Like Dr. Mehmet Oz, who recently learned that his mother, Suna Oz, has Alzheimer’s, it is easy to miss the early warning signs of the disease.
The host of The Dr. Oz Show, 59, told PEOPLE he is “frustrated and mad” at himself for not recognizing that his 81-year-old mother’s health was failing, not putting signs together that she was struggling to find her words or dressing irregularly.
However, there are warning signs and symptoms that you can look out for so that the disease does not sneak up on you like a “snake in the grass,” as Oz put it, and you can get to a doctor earlier.
According to the Alzheimer’s Association, “Alzheimer’s is a brain disease that causes a slow decline in memory, thinking and reasoning skills,” and any symptoms of the disease should not be ignored.
Notify your doctor and make an appointment if you come across any of the the following warning signs:
The person is constantly forgetting dates and events and relies on others for things they once did on their own. One of the most common signs, the association reports, is forgetting information that you’ve recently learned. Repeating the same information over and over is another sign.
Trouble following a plan
The disease makes it difficult to develop or follow a plan, especially something that is familiar such as a following a familiar recipe or staying on top of their bills. These tasks might take much longer than they have in the past.
Daily tasks are hard
What used to be easy and familiar, like driving to a familiar location or remembering rules of a game, now seem to be more and more difficult.
The person gets confused with common known facts, like the date or season. Understanding how much time has passed or quickly forgetting where they are is common as well.
Not every warning sign has to do with memory. People with Alzheimer’s sometimes acquire vision problems, which can cause difficulty reading or staying balanced. This can cause a problem with driving too as their spacial awareness can be compromised.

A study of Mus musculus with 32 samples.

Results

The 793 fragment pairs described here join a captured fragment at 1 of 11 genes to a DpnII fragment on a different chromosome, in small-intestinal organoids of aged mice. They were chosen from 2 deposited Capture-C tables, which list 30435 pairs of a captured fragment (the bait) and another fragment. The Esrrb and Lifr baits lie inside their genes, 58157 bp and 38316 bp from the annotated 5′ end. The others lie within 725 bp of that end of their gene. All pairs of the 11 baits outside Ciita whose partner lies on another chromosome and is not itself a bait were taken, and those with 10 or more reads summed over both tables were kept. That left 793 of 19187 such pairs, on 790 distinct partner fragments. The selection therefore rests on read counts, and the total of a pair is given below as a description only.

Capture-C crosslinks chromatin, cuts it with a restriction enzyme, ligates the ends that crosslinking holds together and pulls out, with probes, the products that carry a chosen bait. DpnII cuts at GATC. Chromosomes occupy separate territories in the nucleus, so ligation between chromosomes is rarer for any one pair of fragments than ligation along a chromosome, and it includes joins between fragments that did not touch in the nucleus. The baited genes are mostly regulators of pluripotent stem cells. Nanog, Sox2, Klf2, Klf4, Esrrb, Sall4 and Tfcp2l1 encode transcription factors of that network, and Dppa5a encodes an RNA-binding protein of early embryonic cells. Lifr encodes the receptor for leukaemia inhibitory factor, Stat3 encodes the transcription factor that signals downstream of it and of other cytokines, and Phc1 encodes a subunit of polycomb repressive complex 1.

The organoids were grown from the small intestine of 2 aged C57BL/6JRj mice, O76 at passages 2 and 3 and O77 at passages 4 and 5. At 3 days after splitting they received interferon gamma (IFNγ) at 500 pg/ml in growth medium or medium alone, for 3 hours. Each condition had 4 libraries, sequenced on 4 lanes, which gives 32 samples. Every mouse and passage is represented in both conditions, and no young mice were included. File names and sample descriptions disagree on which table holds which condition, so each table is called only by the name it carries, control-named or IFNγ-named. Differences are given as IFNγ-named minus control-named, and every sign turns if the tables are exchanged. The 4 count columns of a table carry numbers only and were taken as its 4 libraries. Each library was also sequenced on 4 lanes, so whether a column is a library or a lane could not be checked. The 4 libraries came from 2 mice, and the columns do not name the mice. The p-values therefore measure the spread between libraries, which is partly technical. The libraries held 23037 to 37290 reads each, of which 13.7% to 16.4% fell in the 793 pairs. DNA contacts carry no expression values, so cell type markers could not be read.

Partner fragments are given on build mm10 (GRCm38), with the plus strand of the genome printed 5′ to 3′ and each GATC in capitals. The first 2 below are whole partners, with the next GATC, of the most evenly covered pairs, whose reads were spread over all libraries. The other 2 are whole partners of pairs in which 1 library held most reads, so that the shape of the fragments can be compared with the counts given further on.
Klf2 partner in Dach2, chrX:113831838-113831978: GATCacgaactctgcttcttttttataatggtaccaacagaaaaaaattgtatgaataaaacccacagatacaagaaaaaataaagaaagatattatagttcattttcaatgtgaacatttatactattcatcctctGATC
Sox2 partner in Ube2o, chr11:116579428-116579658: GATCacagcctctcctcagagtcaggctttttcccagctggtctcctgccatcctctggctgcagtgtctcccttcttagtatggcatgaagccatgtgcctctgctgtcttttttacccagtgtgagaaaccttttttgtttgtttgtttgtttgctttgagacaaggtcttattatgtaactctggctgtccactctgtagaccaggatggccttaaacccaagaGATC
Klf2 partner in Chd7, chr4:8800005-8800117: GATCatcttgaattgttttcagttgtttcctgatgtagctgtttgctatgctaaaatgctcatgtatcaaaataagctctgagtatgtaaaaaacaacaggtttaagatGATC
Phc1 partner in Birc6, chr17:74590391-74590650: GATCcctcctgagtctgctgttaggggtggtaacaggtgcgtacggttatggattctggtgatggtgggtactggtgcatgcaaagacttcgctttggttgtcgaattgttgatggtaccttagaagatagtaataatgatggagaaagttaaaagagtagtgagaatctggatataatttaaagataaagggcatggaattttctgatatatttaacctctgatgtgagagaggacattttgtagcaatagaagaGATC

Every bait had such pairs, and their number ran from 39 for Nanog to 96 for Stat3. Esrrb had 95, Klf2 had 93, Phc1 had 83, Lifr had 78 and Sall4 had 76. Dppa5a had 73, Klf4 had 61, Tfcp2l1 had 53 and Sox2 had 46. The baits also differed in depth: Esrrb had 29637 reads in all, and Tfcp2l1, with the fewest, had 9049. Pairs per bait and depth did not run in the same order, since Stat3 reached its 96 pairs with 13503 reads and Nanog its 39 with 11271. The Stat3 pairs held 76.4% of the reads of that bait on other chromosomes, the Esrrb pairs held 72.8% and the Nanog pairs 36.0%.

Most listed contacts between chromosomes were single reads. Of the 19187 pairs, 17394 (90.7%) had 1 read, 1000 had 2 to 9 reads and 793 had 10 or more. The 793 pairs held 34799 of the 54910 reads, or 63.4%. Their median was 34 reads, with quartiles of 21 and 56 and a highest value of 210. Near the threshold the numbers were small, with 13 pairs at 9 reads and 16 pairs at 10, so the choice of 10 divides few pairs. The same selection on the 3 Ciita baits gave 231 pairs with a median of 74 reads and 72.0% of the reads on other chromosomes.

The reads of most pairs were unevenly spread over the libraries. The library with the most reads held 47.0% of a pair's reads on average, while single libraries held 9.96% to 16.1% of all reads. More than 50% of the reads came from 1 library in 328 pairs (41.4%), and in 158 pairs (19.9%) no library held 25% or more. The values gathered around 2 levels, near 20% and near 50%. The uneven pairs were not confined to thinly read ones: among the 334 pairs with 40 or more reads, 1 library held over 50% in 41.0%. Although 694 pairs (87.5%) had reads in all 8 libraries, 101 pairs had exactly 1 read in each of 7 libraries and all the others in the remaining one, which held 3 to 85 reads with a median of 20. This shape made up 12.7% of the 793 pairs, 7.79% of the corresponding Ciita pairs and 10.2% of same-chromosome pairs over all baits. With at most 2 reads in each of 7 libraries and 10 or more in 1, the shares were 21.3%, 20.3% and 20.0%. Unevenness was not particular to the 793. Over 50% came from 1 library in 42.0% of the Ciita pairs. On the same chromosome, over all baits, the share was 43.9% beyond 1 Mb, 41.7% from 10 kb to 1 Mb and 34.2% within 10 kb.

Loss for words
It may be hard for the person to continue a conversation or remember what they’ve already said. Forgetting familiar words becomes more common.
Things are not where they belong
Since people living with Alzheimer’s are forgetful, they may put things away in strange places and later forget where they are. They are unable to retrace their steps to figure out where they put something.
They are making poor choices, commonly when dealing with finances or self-care.
They might drop out of daily social activities or other events because they cannot hold or follow the conversations, making it hard to keep up.
Mood and personality changes
A person with the disease might go through several mood and personality changes. Whether at home, or out with others, they can become easily depressed or anxious.
While these warning signs seem easy to look out for, sometimes it can hard to see the difference between Alzheimer’s and typical-age related changes. However, if you notice these signs in yourself or others, do not keep quiet about it.
“With early detection, you can explore treatments that may provide some relief of symptoms and help you maintain a level of independence longer, as well as increase your chances of participating in clinical drug trials that help advance research,” the association explains.
For more information on the disease, visit the Alzheimer’s Association’s website.